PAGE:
As a Financial Planner, I often get asked if people should save money in a Traditional IRA or a Roth IRA. In a Traditional IRA, we contribute money on a pre-tax basis (i.e. we do not pay taxes on our IRA contributions), we let it grow tax-deferred, and we pay taxes when we withdraw the money in retirement. In a Roth IRA, we contribute after-tax money, we let it grow tax-free and we pay no taxes when we withdraw the money in retirement.
That last point (“we pay no taxes when we withdraw the money in retirement”) is, of course, the one that gets our attention. We don’t like paying taxes, and the thought that we could have tax-free income in retirement is really motivating, so much so, that, sometimes, it can be the only thing we focus on.
However, the Traditional IRA vs Roth IRA story is not quite that straightforward.
The reality is that we WILL pay taxes whether it is for a Roth IRA or a Traditional IRA. With the Traditional IRA tax deduction, we reduce taxes at contribution, and we pay taxes when we withdraw the money. With a Roth IRA, we pay taxes before we contribute the money. At the risk of disappointing many readers, allow me to repeat: the Roth IRA is NOT tax-free, it is taxed differently.
When you do the math you will find that if you 1) invest in the same way in a Roth IRA vs IRA, and 2) are taxed at the same rate on your Roth IRA contribution today, as on your Traditional IRA withdrawals at retirement, you will end up with the exact same amount of money to spend in retirement. Call us: we will show you the math.
So which one is best? The answer is that it depends.
In general, it makes sense to invest through a Roth IRA when we think that our tax rate in retirement will be equal to or higher than our current tax rate. If we think that our tax rate in retirement will be equal or lower than our current tax rate it makes better sense to invest through a Regular IRA.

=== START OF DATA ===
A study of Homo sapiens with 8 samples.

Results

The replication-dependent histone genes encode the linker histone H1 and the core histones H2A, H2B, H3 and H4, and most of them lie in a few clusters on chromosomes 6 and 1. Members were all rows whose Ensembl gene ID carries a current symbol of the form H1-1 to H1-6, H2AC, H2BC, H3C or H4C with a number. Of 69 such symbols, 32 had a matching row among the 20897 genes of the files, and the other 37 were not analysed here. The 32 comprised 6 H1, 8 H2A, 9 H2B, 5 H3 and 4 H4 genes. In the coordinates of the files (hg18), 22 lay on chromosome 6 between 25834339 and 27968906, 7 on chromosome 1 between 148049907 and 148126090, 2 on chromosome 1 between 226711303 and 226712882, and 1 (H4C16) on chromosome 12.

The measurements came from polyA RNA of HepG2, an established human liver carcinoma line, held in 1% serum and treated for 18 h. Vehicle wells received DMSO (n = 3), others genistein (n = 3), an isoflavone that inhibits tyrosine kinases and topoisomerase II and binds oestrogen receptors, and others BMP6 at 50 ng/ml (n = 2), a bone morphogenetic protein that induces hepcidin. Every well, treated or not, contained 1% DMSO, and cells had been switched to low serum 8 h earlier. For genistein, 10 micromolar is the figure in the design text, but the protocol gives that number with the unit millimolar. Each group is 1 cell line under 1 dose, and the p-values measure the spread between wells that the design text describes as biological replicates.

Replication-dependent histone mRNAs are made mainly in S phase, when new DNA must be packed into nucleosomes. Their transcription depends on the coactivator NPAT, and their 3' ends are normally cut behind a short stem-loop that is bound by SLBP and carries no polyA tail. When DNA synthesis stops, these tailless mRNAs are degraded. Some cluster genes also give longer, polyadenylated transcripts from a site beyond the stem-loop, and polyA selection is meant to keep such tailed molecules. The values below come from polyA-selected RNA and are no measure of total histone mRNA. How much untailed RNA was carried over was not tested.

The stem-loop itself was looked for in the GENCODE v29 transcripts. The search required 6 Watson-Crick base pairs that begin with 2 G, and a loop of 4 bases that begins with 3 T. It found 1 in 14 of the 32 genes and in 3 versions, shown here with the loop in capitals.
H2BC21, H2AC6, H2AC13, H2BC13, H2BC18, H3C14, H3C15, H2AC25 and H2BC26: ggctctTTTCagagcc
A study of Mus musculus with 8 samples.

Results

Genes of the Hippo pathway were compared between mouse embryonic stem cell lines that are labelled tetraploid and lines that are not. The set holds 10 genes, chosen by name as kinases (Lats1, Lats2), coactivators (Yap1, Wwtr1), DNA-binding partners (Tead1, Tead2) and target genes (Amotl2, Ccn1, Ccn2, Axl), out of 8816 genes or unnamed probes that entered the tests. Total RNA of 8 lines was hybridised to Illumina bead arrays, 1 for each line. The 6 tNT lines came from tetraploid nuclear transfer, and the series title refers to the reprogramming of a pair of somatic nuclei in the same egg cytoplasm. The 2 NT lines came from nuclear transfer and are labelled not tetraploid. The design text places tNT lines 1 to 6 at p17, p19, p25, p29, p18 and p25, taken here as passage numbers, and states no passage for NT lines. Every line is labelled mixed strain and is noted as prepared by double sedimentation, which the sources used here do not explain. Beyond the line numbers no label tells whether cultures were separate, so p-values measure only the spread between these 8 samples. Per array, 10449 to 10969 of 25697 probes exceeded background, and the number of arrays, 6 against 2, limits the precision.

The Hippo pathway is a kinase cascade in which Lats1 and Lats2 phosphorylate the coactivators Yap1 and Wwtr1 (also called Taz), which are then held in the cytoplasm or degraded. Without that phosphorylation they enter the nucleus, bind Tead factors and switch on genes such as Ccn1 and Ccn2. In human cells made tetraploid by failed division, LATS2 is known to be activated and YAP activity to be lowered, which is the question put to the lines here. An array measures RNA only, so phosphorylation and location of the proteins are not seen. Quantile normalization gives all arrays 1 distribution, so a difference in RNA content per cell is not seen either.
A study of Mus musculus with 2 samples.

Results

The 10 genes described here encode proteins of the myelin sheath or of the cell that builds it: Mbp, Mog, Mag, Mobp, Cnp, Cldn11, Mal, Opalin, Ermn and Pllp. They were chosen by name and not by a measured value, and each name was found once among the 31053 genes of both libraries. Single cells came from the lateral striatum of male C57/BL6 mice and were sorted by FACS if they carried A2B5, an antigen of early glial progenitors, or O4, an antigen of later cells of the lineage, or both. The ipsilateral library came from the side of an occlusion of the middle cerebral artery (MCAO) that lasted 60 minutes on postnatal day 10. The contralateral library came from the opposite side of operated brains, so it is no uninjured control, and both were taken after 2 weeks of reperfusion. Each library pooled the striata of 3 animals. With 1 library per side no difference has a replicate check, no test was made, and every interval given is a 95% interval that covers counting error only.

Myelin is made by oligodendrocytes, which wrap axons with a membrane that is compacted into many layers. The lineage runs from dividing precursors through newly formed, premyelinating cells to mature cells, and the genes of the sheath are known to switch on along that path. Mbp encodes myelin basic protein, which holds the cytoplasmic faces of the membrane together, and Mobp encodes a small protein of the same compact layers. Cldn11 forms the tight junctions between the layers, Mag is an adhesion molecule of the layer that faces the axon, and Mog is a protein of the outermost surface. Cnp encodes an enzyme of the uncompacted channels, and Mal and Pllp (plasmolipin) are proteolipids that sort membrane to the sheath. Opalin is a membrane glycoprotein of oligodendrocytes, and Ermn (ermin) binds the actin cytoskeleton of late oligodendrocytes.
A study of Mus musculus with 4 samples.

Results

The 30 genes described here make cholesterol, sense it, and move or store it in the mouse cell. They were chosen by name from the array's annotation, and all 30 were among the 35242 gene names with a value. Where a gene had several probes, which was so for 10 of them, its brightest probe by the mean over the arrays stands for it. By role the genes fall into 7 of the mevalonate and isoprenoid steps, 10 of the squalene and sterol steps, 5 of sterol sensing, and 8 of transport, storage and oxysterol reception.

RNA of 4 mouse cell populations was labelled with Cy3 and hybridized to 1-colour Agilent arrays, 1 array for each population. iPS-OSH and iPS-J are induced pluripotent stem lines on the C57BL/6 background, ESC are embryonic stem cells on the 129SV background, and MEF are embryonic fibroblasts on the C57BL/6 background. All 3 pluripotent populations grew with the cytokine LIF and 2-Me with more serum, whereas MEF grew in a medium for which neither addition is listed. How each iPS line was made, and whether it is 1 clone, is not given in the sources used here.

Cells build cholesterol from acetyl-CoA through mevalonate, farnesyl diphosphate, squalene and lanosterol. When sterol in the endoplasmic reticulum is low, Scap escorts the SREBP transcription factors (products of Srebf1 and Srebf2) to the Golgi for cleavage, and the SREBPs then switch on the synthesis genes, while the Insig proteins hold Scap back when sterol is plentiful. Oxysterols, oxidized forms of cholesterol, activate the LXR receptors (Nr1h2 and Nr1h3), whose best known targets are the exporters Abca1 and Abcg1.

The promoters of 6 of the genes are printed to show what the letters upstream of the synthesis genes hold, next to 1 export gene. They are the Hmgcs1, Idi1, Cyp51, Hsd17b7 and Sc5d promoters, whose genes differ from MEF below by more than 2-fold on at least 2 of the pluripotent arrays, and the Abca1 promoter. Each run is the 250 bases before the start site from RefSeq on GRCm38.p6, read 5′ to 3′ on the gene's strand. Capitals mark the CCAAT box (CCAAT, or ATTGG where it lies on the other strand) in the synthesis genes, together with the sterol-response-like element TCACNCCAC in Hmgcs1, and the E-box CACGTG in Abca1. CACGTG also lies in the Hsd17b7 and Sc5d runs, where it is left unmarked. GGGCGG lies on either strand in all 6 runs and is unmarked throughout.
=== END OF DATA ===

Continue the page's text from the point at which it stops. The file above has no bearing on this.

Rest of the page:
How then should you decide?
It depends on your situation.
For instance, if you are at the peak of your earnings, and you can calculate that your income in retirement will be significantly less than it is today, a Traditional IRA calculator will tell you that you will save tax money immediately. Since you expect to be in a lower tax bracket at retirement, you will end up paying less taxes.
If you are currently a low earner, and expect to have higher income in retirement than you have now, a Roth IRA calculator will thell you that your cost in taxes will be relatively low, and you will not pay any more when you retire.
Because there are many phases in our working life, there are times when it makes better sense to invest through a Roth IRA or Roth 401(k), and other times when it makes better sense to invest through a Traditional IRA or a Traditional 401(k). Conversely, there will be times in our retired life when it will make better sense to withdraw from a Roth IRA, and others when it will make better sense to withdraw from a Traditional IRA.
There are some other constraints. For instance, the traditional IRA max contribution is significantly lower than the 401(k). In addition, if your income is above the Traditional IRA income limits or the Roth IRA limit you may not be able to contribute.
It is about balance and careful financial planning. In the right circumstances, the proper balance between Roth and Traditional IRAs could save you a significant tax bill. In my opinion, it justifies a consultation with a professional financial planner.